As everyone gears up for Independence Day and summer vacations, an undernoted story is often pets who are left behind.
Things got strange Sunday morning on Crowell Road.
The Newton County Landfill and all Newton County Neighborhood Recycling Centers will be closed on Friday, July 4th, 2014 in observance of Independence Day. They will re-open Saturday, July 5th.
In observance of the upcoming Independence Day, our offices will be closed. For any questions, please contact editor Bryan Fazio via email: bfazio@covnews. Have a happy and safe Fourth of July!
Splashing through a creek.
The nation's birthday hasn't even happened yet this year, but a group of musically inclined students are already looking to next year's Independence Day celebrations that could take them a long way from home.
If you've ever played chess, you know that an action taken to gain an advantage is called a gambit. Gambits exist in other fields of endeavor, many of which are not games, to include legislating. I'm going to acquaint you with some that I've seen. Many more exist. For the sake of convenience, I'll give them names, but most of those names are just mine.
The Covington Police Department is warning residents to be wary of phone calls asking for any financial or personal information.
Some 300 miles southeast of Atlanta, Georgia lies a city both rich in history and culture. Savannah, Georgia is the oldest city in the state of Georgia and the county seat of Chatham County. Savannah was established in 1733 and was the first state capital of Georgia.
In-person early voting for the July 22 primary runoff is set to begin Monday, June 30 and will continue through Friday, July 18. There are several key races still up in the air, and the winners of this runoff move on to the general election in November.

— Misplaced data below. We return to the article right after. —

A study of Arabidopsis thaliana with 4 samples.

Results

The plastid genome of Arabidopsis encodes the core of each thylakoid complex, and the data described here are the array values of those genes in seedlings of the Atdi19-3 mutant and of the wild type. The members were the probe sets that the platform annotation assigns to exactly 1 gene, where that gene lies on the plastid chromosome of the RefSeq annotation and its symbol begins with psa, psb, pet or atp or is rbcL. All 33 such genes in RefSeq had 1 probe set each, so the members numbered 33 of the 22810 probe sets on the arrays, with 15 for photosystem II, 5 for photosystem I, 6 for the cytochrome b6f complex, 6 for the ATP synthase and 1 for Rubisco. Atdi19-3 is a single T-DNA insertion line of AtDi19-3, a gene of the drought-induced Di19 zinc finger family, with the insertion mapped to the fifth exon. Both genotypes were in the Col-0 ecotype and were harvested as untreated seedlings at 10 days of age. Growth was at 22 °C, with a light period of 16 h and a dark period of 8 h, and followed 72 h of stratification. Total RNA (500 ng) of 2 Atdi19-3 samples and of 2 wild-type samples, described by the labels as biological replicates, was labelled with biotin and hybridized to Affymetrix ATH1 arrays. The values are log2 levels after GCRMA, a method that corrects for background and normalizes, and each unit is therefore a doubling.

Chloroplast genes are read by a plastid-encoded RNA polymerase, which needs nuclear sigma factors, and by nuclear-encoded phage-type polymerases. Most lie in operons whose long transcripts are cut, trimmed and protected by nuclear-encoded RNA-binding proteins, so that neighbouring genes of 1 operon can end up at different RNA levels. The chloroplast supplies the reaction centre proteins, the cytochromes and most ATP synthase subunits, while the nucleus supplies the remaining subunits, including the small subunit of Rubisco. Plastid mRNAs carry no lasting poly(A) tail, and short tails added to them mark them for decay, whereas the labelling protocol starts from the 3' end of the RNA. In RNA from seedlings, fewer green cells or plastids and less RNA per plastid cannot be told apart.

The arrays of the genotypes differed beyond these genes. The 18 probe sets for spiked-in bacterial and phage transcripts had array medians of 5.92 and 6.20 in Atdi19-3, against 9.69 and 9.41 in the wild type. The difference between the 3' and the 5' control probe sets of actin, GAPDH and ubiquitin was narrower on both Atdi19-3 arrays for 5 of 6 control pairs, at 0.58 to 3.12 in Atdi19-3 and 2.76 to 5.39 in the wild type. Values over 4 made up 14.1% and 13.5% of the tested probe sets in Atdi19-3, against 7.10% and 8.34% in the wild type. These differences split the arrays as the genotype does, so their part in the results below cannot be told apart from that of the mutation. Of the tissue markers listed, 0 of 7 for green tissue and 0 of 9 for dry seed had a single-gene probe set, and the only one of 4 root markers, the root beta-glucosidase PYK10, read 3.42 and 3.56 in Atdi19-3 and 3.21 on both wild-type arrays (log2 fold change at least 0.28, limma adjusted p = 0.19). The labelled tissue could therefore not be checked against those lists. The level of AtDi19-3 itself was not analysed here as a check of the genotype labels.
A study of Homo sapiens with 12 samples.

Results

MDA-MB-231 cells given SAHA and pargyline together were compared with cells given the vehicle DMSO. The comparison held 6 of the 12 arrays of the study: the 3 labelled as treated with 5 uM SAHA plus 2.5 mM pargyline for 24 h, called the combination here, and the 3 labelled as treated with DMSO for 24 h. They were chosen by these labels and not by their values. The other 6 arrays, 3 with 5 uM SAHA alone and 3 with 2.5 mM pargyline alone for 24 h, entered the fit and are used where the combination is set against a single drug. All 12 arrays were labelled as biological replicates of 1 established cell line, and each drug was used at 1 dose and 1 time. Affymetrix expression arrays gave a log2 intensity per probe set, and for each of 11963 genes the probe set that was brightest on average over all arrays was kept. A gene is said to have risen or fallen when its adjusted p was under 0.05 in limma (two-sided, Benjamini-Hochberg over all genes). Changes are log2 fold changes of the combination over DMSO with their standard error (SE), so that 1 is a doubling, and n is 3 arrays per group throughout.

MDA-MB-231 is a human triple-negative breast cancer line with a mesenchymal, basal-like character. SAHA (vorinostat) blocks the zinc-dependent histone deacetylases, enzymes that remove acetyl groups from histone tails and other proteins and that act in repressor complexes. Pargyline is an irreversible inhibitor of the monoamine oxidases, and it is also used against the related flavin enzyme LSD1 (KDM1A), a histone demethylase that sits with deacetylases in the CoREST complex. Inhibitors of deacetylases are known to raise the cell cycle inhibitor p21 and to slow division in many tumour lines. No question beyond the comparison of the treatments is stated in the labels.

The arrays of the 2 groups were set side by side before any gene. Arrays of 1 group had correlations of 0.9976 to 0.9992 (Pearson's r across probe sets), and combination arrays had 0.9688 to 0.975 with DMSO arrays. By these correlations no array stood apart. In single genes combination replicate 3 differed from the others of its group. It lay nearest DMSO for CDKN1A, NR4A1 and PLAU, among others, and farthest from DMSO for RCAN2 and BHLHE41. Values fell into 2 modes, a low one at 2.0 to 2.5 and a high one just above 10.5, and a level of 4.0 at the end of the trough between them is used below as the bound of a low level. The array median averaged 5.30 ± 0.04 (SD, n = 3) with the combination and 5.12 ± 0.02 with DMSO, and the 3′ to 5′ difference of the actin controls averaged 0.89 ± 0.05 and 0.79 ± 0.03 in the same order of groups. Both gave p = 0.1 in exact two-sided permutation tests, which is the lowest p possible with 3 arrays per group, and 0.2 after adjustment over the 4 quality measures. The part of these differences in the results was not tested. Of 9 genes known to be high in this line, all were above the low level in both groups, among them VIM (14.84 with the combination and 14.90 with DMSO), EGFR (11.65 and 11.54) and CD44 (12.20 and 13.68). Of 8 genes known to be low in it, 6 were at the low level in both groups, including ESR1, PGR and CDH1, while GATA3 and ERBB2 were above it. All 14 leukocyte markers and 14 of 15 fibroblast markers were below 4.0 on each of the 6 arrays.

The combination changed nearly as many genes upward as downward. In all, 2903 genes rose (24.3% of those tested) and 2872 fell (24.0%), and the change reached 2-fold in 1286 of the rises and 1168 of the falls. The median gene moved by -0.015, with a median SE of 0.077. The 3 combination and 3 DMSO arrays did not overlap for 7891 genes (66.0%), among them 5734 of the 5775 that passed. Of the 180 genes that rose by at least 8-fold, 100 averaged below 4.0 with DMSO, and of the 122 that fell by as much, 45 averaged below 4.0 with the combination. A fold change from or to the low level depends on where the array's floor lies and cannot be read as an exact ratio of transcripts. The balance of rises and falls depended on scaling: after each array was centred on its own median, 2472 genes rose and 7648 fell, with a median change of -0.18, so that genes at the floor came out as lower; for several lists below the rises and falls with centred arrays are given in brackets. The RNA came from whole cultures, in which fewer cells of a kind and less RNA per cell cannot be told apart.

Erik Blackburn Oliver, Oxford artist, historian and author, saw a void in his town's history. Oxford, on the eve of its 175th birthday, had no documentation of its past 100 years.
Red, white and blue will soon be plastered across downtown Covington as Newton County residents are gearing up for the nation's birthday.
Newton County is cutting back everywhere, including spending $300,000 less in legal costs this year to date.
ATLANTA - A federal judge on Monday blocked parts of Georgia's law cracking down on illegal immigration from taking effect until a legal challenge is resolved.
The design for Georgia's next car tag is up for a vote.
The start of the month marks the enactment date for a slew of new state laws in Georgia. Here's an update:Among the laws set to take effect July 1:
There's a 50-50 chance for rain after 2 p.m. today in Newton County, with the National Weather Service saying we could receive a quarter-to-half-inch of precipitation this afternoon.
BUFORD - The body of a 33-year-old swimmer missing in Lake Lanier has been found.
WOODSTOCK - Police are investigating how a man died in a plastic kiddie pool outside a Woodstock home.
ATLANTA - A longtime foster mother has won $300,000 from the Georgia Lottery.
Take advantage of low cost fresh fruits and vegetables by freezing and canning now. Strawberries, peaches, and onions are all at their lowest price point, so you can store these for the coming fall and winter months when prices will increase. Be sure to follow proper guidlines for canning and freezing so you'll have high quality, safe foods to eat this winter. For more frugal living tips, visit www.OneFabulousMama.com.
Newton County Events
Covington Mayor Kim Carter will have a major role in shaping public policy for Georgia's cities, after being named to the board of directors for the Georgia Municipal Association.
Sponsors are being sought for the annual Back 2 School Block Party, which provides school supplies to needy students.
Nearly a month after his death and the search for the killer or killers of Manuel Samano Castillo continues.
Taking a bite out of a peach from CJ Orchards is like biting into a water balloon; the explosion of flavor upon the first bite will send a sweet river of juices down your shirt.
Covington uses profits from electricity sales to subsidize other government operations; that's no secret. But, how does that affect residents' bottom line, and do they pay more for power than other Georgians?